Should I buy a house with a buried oil tank?
Buying a house with an oil tank is one of the biggest financial liabilities a home buyer can assume. Buried oil tanks and Aboveground Storage Tanks (ASTs) leak over time, and the oil pollutes subsurface soil and leaches into underground water. Bottom line, oil tank leaks are expensive and owners of contaminated sites are responsible to clean up these leaks.
Environmental regulations dictate what is permissible amounts of oil that can remain in the ground. If oil levels are above permissible limits you have to remediate, remove contaminated soils to clean up the oil. The owner of the property is the responsible party. Small oil tank leak cleanups will cost around $10,000.00 and large soil remediation projects can exceed $50,000.00 even up to $100,000.00. At that point, sellers are motivated not to make a big deal about an oil tank and buyers have to be cautious about buying a house with an oil tank.
Oil tanks are confusing for those involved, as these oil tanks and leaking oil tanks have laws, regulations and liability Oil tanks have liability like that of driving your car, risk is everywhere, but to understand the risk with oil tanks you have to look at the tank on a molecular level.
First 98% of oil tanks are made of steel. Steel rusts. During the life-span of a tank it will eventually leak.
The home below was built in 1968, tank was removed in 2019 = 51 year old tank.
90% of tanks have exceeded their designed life expectancy.
New tanks today, on average, have of 10, 20, 25 and 30 year warranties, depending on what tank you buy. Clearly the more expensive tank has the longer warranty. The tank on the left has a 30 year warranty, the tank on the right if bought today with a basic warranty would have a 10 year warranty.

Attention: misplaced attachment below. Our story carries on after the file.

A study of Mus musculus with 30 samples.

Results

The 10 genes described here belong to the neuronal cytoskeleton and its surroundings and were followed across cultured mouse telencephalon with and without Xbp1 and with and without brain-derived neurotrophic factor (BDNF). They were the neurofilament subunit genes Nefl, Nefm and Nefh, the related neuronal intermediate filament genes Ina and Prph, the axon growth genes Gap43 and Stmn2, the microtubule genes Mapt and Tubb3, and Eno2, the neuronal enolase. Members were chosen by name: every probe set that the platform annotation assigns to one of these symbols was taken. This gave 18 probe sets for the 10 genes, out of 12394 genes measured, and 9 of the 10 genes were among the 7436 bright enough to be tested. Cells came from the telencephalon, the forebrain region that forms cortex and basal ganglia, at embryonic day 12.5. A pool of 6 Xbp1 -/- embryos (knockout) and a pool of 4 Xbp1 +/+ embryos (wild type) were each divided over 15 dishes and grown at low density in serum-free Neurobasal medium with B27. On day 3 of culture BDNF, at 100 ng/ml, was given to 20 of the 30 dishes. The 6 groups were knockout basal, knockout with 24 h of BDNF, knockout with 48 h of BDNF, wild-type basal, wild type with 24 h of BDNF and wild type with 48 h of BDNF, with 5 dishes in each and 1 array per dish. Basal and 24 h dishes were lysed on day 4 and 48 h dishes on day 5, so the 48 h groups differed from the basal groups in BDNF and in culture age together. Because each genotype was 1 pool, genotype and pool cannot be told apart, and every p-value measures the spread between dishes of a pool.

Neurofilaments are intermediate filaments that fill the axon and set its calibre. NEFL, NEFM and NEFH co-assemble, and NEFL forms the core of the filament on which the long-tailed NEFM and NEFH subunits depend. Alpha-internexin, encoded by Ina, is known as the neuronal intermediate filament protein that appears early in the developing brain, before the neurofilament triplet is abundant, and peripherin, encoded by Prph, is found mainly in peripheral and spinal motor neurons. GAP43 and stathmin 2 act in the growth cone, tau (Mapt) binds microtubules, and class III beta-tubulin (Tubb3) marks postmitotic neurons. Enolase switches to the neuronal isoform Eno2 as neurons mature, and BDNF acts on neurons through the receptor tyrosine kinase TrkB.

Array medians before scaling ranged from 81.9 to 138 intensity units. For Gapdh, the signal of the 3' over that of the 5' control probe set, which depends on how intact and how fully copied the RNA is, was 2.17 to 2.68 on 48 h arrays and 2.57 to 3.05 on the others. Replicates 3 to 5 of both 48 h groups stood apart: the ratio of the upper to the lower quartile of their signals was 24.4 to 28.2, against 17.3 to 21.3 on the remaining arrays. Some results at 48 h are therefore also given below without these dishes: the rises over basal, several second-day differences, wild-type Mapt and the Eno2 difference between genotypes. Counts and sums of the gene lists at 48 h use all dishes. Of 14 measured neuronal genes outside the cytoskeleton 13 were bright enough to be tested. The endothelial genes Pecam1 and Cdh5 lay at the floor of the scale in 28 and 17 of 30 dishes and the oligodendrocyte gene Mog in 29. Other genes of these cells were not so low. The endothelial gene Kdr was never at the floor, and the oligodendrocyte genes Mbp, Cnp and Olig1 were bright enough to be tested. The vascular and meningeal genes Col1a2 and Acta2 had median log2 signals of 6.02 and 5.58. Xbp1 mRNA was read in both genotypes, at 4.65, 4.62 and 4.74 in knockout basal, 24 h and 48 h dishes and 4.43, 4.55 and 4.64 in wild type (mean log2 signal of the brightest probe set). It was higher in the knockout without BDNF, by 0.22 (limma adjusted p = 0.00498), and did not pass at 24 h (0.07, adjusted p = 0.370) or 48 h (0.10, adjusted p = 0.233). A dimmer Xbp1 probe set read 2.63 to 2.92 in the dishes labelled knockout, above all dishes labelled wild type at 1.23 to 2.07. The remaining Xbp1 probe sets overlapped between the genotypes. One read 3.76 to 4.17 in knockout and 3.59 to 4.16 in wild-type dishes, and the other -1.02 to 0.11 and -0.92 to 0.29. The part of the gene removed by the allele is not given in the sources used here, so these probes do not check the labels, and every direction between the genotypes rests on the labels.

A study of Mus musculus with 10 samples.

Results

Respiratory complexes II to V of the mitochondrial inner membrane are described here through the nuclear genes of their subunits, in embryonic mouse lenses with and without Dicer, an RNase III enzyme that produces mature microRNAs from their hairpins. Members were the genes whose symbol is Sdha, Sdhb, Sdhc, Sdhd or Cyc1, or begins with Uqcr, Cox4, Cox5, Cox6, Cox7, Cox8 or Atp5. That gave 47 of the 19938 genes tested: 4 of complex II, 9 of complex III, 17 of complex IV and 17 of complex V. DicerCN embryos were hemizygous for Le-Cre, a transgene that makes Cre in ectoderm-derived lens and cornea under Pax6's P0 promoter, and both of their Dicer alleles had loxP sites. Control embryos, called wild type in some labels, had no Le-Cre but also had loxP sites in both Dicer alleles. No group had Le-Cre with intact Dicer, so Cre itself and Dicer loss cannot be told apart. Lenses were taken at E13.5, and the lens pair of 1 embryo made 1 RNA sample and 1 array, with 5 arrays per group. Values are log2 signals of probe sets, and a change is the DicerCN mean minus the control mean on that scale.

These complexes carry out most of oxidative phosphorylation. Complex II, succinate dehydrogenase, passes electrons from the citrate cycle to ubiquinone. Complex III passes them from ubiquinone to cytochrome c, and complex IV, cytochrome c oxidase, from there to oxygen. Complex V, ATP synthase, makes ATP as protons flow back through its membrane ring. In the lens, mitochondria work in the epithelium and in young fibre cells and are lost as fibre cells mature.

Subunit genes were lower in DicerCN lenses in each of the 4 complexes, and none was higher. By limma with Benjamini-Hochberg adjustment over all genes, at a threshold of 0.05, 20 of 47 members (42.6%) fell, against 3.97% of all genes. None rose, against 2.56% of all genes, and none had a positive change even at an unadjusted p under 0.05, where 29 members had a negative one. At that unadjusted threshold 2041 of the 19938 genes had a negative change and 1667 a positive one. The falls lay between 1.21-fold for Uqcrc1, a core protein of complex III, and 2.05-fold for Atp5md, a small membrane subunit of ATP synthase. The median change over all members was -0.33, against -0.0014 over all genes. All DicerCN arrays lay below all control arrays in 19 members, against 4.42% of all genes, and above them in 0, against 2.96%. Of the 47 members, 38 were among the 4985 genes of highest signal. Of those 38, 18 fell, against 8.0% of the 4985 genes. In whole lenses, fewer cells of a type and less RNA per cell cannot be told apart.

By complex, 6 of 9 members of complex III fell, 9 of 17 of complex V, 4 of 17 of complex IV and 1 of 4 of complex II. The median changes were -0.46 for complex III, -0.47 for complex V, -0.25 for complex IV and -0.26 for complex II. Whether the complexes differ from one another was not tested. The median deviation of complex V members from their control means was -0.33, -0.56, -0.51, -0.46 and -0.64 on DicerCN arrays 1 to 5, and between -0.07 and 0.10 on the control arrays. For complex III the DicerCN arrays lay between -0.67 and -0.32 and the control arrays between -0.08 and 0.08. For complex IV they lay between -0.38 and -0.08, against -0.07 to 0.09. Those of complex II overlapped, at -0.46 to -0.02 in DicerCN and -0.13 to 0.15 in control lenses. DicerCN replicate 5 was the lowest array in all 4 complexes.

Think about buying anything, how focused are you on the warranty? can you remember how long the warranty is on your car, dishwasher, hot water heater?
Calculating back from the year 2020, the following would be the age of a tank from the home you are buying. Rarely EVER do people replace USTs with a new UST. Think about the following:
- Home Built in 1940 has a 80 year old tank
- Home Built in 1950 has a 70 year old tank
- Home Built in 1960 has a 60 year old tank
- Home Built in 1970 has a 50 year old tank
- Home Built in 1980 has a 40 year old tank
Is buying a home with an oil tank a good idea? Well if the oil tank has been replaced and you have a warranty, then you have a good baseline regarding when the tank will need replacement. This unicorn and rainbow scenario is likely three percent of transactions where an oil tank is present. The norm is the seller will say "I bought the house with the tank and so should you".
Mortgage companies and insurance companies are well acquainted with the liability of oil tanks. Residential buried oil tanks consistently cause trouble for home sellers and home buyers. Sellers do not want the liability and many want to sell the home "as is" with the underground oil tank. Buyers, are more informed than ever and they don't want to buy a leaky tank. Add in mortgage lenders who are wary of buried oil tanks and may refuse to provide loans to purchase homes having them. Insurance companies may not want to write a policy for a property with an oil tank.
If you are buying a home with an oil tank, the best advice is to ask the owner to remove and replace the oil tank. The reason being, the tank is most likely well past a reasonable life span, and when it leaks you will not know, it's not a roof where leaks are obvious. It is also not always worth testing the tank due to the age, regardless of if you get a passing tank test, there will be a recommendation to remove the tank due to take age.
If your trying to sell a home with an old oil tank, read the paragraph above. No one wants to buy an old tank, which by all standards (common sense included) is old and should be replaced. If you are the last person holding the straw and are responsible for removing the tank, I am sorry, I would give you the same advice if you were buying a house with an oil tank.